It's crunch time at the Federal Communications Commission (FCC), whose chairman, Michael Powell, has set a June 2 deadline to make a decision on relaxing cross-ownership rules for TV and radio stations. Those supporting the concept include Powell, at least one other Republican FCC commissioner and executives of the handful of top media properties in America.
Those opposing include, well, just about everyone else. From Common Cause and NOW to the Family Research Council and the NRA, dozens of organizations spanning the political spectrum, with cumulatively tens of millions of members, have registered their opposition to increased cross-ownership.
Even some media moguls are opposed. Barry Diller and Ted Turner have denounced the idea. Media consolidation may not be the biggest danger America faces. But America should know what's at stake. In 1989, the Big Three networks -- ABC, CBS and NBC -- held a 17 percent share of TV programming. By 2002, relaxed rules increased that percentage to 48 percent. Add Fox, AOL-Time Warner and ATT/Liberty, and these six megacorporations today control two-thirds of all programming on television.
Further deregulation will not mean greater opportunity for competition. Rather, it will mean the opposite: More control of the airwaves by the few, with even less accountability to the market than they demonstrate today.
The concept of community standards is alien to the suits in New York. Their bottom-line programming philosophy means bottom-of-the-barrel programming, and quality be damned.
What are those community standards? To find out, last year, the Parents Television Council sent out over 1.5 million community standard audits, of which over 128,000 were returned. The numbers speak for themselves.
Should there be graphic violence during children's viewing time? No, said 94.2 percent. Partial nudity during that time? No, said 93.1 percent. Should shows promote the homosexual lifestyle in the face of kids? No, said 94.6 percent. The same percentage said no to prime-time promotion of oral sex and sex involving minors. Roughly the same number of survey respondents objected to blasphemous language, excretory language, descriptions of sexual encounters or strong sexual language.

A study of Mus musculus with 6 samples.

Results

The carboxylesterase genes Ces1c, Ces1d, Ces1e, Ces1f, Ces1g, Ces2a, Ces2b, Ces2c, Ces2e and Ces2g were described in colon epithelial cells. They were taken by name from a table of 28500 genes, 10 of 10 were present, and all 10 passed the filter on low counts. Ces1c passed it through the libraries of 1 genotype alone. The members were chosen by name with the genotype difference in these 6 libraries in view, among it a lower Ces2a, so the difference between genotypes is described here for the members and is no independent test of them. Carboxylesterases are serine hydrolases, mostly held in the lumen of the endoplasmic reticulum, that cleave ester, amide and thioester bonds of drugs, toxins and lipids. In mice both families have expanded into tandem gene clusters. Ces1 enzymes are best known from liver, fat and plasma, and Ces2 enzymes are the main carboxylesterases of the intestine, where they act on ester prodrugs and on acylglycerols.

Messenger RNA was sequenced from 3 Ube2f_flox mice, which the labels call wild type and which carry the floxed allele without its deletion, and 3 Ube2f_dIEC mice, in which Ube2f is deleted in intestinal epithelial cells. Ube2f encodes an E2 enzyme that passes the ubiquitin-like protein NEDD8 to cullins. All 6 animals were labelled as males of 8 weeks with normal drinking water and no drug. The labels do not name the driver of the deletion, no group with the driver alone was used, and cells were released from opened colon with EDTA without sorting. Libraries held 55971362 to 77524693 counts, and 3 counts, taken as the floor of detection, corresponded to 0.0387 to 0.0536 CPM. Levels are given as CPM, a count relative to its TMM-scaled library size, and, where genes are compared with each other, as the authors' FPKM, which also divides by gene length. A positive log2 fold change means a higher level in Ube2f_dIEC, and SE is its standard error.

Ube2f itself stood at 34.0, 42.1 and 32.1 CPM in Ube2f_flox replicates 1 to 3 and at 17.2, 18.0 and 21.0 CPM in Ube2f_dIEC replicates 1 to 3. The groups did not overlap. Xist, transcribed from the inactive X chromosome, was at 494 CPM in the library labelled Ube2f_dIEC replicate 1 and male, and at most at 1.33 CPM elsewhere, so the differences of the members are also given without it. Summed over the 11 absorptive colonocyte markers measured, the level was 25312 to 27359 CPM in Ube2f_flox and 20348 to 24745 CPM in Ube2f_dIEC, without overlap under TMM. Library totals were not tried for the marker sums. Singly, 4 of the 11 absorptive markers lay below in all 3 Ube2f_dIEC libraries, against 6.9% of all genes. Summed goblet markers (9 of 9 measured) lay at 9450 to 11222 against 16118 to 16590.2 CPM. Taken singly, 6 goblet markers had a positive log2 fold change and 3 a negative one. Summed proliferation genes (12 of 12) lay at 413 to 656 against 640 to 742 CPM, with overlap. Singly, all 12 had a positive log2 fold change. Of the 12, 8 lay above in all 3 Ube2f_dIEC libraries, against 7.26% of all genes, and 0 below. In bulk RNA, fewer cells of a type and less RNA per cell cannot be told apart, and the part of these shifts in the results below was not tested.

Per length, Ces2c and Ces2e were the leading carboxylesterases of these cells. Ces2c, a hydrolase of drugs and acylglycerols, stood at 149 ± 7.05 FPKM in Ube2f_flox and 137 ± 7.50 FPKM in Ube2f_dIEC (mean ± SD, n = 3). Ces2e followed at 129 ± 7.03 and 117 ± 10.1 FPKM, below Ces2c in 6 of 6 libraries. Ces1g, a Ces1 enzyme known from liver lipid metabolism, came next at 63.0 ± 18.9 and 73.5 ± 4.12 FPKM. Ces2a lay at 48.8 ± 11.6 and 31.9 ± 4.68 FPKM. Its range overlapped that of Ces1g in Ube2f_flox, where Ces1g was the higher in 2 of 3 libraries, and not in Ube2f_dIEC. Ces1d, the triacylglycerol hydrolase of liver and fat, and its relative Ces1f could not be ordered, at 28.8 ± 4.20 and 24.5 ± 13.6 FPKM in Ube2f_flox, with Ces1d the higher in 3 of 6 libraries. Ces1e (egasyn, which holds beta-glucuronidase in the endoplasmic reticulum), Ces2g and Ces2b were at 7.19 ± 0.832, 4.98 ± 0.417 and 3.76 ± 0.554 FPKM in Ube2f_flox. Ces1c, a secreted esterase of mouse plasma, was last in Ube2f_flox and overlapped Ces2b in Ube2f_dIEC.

Guess what? All these things can now be found on broadcast television, courtesy of those media megacorporations that could care less who they offend. And now they're asking the FCC for more stations to sell more offensive programming.
Indecency on broadcast TV between the hours of 6 a.m. and 10 p.m., when children are likely to be watching, is against the law. And the FCC is charged by Congress with enforcing that law. How many stations in the continental United States has it fined over the years since its enforcement division was formed for broadcasting indecent material? According to a review of the FCC's Web site, the answer is … none.
Martha Kleder of the Culture and Family Report recently reported on yet another dramatic example of how the FCC is failing the fight for any community standards in radio broadcasting while it nibbles around ownership quotas. In San Jose, Calif., KSJO-FM pays for billboards that scream, "Listen to Mikey before we fire him … again."
Last July, shock jock Mikey Esparza was suspended with apologies from Clear Channel (that supposedly conservative outfit) after a brave 7-year-old girl, Erica Pratt, escaped from kidnappers in Philadelphia days after the media focused on the abduction of Elizabeth Smart. Pratt had chewed through her duct-tape restraints.
Esparza brazenly joked on the air: "That's why I don't use duct tape. That's why I use nylon rope." Following a commercial break, Esparza continued: "Let's say, for instance, you're somebody that is a kidnapper. Think of all the nylon rope you could get at Orchard Supply Hardware. Plus, they sell tarps ... I'm sure they sell lye to dissolve the body."
How on Earth does any responsible broadcaster not only hire this sicko, but also give him repeated opportunities to disgust? And even use billboards to advertise: Listen to him for his next outbreak of madness?
Esparza was soon back on the air and unrepentant. On Sept. 4, 2002, KSJO aired a self-produced song written by Esparza called -- I'm not making this up -- "The Statutory Rape Song." The lyrics included: "Check out that cute little girl over there, is she 9 or is she 12 ... I'm feelin' frisky, I know it's risky. Friday night I need a bite, underage girls with some cellulite." The song concludes with the words, "I like to videotape, I'm into statutory rape." Unbelievably, after another suspension, the station put him back on the air this January.
Local citizens were filing complaints with the FCC Enforcement Bureau a year ago. How much has been done or said here in Washington? Nothing. That's where the public's outrage ought to be directed -- at the actual content of what shameless media companies will put on the air to make a filthy buck.